ISBN: 0312243065

ISBN13: 9780312243067

Jacob's Hands: A Fable



Jacob's Hands is the product of the friendship between Aldous Huxley and Christopher Isherwood, who were among the many European artists drawn to the U.S. in the 1930s, when war threatened Europe. The manuscript was largely forgotten and presumed destroyed when Huxley's house burned in 1961. Actress Sharon Stone began the search for it when she read about the manuscript in Isherwood's Diaries. It was found, typed on onion skin paper, in a trunk on...

Customer Reviews

5 ratings

Healing in a Positive Way!

I like a person that sticks to their beliefs and personal principles. A person that doesn't get swayed by others negative traits. That's why I took a special liking to Jacob Erickson, a shy, and sometimes naïve person, who is the main character in this wonderful little story that takes place in the 1920's. One day he discovers he has the power to heal animals with his hands, and soon after finds out he can heal humans, too, when he heals Sharon, a girl he has fallen in love with. He soon leaves his job on a ranch in California's Mojave Desert to pursue Sharon who has run off to be a singer in Los Angeles. It's there that there adventure starts to take several unexpected turns from working for exploitative showmen, to seedy stage shows, and to healing an ailing young millionaire named Earl, who changes everything and leads them on a different course in their lives.Jabob reminds me of myself years ago when I had the opportunity to heal but decided to choose a different path for my life which I found to be in my best interest. It's a difficult choice and this story, told in the first person, makes it much more realistic. As Jacob finds out you can only heal those who want to be healed. The body can be healed but Jabob only wanted to heal the body if the soul & heart are healed, too. A wise choice. I'm glad I discovered this book and truly enjoyed it. Highly Recommended!

little known gem from Huxley and Isherwood

We owe it to Sharon Stone that we even have this short fable at all -- she found it thanks to her perseverance tracking down a reference made to the screenplay.I agree with the writer below who notes that Jacob reminds him of Lenny in Steinbeck's work. He's not retarded, but he's immune to the lures of wealth and privilege. Despite the material promises stemming from his incredible ability to heal, he just wants a simple life with Sharon, the fallen character. Jacob has always loved Sharon -- the moment he cures her of her childhood disease, she literally runs off to be a singer. When Jacob finds her years later, they have the chance to go back and live in the "desert" (so many biblical allusions and overtones), but Sharon cannot give up the money left to her by a rich benefactor who was cured by Jacob but killed by his own inability to give up his disease. The writing is vivid and reads very much like the screenplay that it is. There is something very moving about Jacob's simplicity and inability to be corrupted. A powerful little fable, worthy of rediscovery.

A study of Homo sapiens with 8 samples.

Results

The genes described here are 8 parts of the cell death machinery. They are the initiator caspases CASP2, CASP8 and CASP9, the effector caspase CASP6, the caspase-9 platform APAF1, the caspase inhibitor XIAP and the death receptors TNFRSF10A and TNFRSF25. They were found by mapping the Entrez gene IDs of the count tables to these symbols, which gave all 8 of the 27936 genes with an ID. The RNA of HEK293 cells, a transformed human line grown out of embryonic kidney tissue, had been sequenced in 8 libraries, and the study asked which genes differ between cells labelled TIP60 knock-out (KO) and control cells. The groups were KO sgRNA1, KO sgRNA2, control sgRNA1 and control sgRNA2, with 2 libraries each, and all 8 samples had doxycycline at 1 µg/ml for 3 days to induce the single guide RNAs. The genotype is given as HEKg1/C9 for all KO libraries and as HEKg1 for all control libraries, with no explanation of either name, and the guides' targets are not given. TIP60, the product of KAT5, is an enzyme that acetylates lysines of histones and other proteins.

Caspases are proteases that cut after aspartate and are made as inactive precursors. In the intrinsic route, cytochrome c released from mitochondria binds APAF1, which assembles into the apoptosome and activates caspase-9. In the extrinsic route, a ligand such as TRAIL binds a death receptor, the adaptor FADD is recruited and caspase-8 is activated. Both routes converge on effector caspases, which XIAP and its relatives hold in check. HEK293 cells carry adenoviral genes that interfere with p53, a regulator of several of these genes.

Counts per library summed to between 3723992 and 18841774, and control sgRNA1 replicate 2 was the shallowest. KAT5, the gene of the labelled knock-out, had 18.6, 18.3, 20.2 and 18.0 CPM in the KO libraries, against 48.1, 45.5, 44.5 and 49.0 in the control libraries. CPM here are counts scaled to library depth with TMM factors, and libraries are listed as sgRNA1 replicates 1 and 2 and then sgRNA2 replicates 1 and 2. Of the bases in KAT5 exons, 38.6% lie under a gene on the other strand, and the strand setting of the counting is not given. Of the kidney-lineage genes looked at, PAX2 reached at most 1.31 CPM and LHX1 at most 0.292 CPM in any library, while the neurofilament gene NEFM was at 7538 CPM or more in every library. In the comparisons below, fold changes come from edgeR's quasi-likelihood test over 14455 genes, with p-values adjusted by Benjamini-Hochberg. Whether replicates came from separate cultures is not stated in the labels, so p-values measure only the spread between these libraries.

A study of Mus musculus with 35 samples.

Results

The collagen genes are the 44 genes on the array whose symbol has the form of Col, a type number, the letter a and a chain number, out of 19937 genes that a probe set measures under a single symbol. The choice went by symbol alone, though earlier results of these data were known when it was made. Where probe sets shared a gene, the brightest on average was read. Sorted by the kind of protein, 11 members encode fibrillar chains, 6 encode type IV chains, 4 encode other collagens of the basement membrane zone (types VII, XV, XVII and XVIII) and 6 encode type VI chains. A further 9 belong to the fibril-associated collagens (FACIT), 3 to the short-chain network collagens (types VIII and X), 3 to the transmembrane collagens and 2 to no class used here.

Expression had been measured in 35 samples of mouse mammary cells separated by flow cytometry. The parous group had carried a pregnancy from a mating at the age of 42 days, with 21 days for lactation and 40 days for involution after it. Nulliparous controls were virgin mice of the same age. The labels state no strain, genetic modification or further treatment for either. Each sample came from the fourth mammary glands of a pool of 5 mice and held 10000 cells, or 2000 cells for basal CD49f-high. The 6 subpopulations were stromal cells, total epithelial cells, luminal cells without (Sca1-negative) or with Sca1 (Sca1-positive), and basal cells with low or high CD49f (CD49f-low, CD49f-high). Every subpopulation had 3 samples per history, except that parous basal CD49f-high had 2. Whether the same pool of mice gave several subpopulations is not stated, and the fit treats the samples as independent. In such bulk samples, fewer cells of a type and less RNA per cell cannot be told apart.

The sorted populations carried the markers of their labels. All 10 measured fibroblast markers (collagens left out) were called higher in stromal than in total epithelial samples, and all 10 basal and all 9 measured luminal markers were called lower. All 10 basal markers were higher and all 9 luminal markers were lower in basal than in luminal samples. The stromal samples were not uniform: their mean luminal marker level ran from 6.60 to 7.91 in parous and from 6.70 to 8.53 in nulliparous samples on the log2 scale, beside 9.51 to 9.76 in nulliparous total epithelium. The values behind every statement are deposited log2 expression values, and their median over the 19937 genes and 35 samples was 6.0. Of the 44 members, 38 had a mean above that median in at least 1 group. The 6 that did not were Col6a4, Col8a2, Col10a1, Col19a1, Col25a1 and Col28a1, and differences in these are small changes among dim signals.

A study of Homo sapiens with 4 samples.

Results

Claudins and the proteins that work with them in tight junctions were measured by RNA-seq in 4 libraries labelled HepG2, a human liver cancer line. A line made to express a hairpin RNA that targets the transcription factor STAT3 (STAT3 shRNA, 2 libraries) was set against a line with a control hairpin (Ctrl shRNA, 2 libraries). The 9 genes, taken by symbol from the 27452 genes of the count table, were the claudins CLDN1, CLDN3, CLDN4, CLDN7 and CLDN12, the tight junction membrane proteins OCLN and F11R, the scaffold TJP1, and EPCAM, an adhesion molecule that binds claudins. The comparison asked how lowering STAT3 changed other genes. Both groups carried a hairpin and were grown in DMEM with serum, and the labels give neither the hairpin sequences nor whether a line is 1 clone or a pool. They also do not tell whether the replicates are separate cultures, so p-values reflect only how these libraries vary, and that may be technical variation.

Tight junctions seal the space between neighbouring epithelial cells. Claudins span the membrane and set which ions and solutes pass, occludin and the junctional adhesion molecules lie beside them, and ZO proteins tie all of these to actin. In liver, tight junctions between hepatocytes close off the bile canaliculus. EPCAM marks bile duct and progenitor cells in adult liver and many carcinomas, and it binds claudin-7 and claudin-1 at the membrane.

Jacob's Hands is a tantalizing account of one man's eyes opening. Poor Jacob, so ingnorant of the world. He truly believes in goodness. This book is a look into the evils of human nature. Human nature is greedy and self serving, unfortunately, Jacob does not realize this. In attempt to give his love all that he can, he opens himself up to exploitation. This book is a reader's journey into the souls of the pure and the corrupt. Perhaps the authors whished us all to take a good deep look into our own souls and the manner in which we treat others. This book is just one more glorious demonstration of life by Adlous Huxley, this time with the help of Christopher Isherwood.

I love this book!

The narration of this story is more simplistic than Brave New World, but keep in mind that Jacob's Hands was written as a screenplay, not a novel. Aldous Huxley and Christopher Isherwood have created a wonderful story and though the reading is easy, the questions brought to life in this tale are anything but. Jacob is the shy, gentle antagonist (who reminds me of John Steinbeck's Lenny)blessed and cursed simultaneously with the gift of healing. Exploited and heart-broken, he must determine the true benefit of mending the broken bodies brought to him when he can do nothing to repair their souls. Ideas in this story range from the physical hardships of the lame, to the role of spirituality in healing, to first loves and betrayal. Enjoyable and thought-provoking, I recommend this book to anyone who likes to ponder over Huxley's logic, or just enjoys to read.

Excellent book that should make a great movie.

Its been a very long time since I've sat down and read a book from cover to cover all in one sitting. It couldn't be helped in this case. I know this was written as a rough draft for a screenplay, but so what, I think it is complete as it is. It does what a book should do. It starts the little theater of the mind and lets you fill in the blanks. If you lack imagination, for heaven sake don't pick up this book, wait for the movie. If you prefer to create your own details, however, you can't beat this for a good read.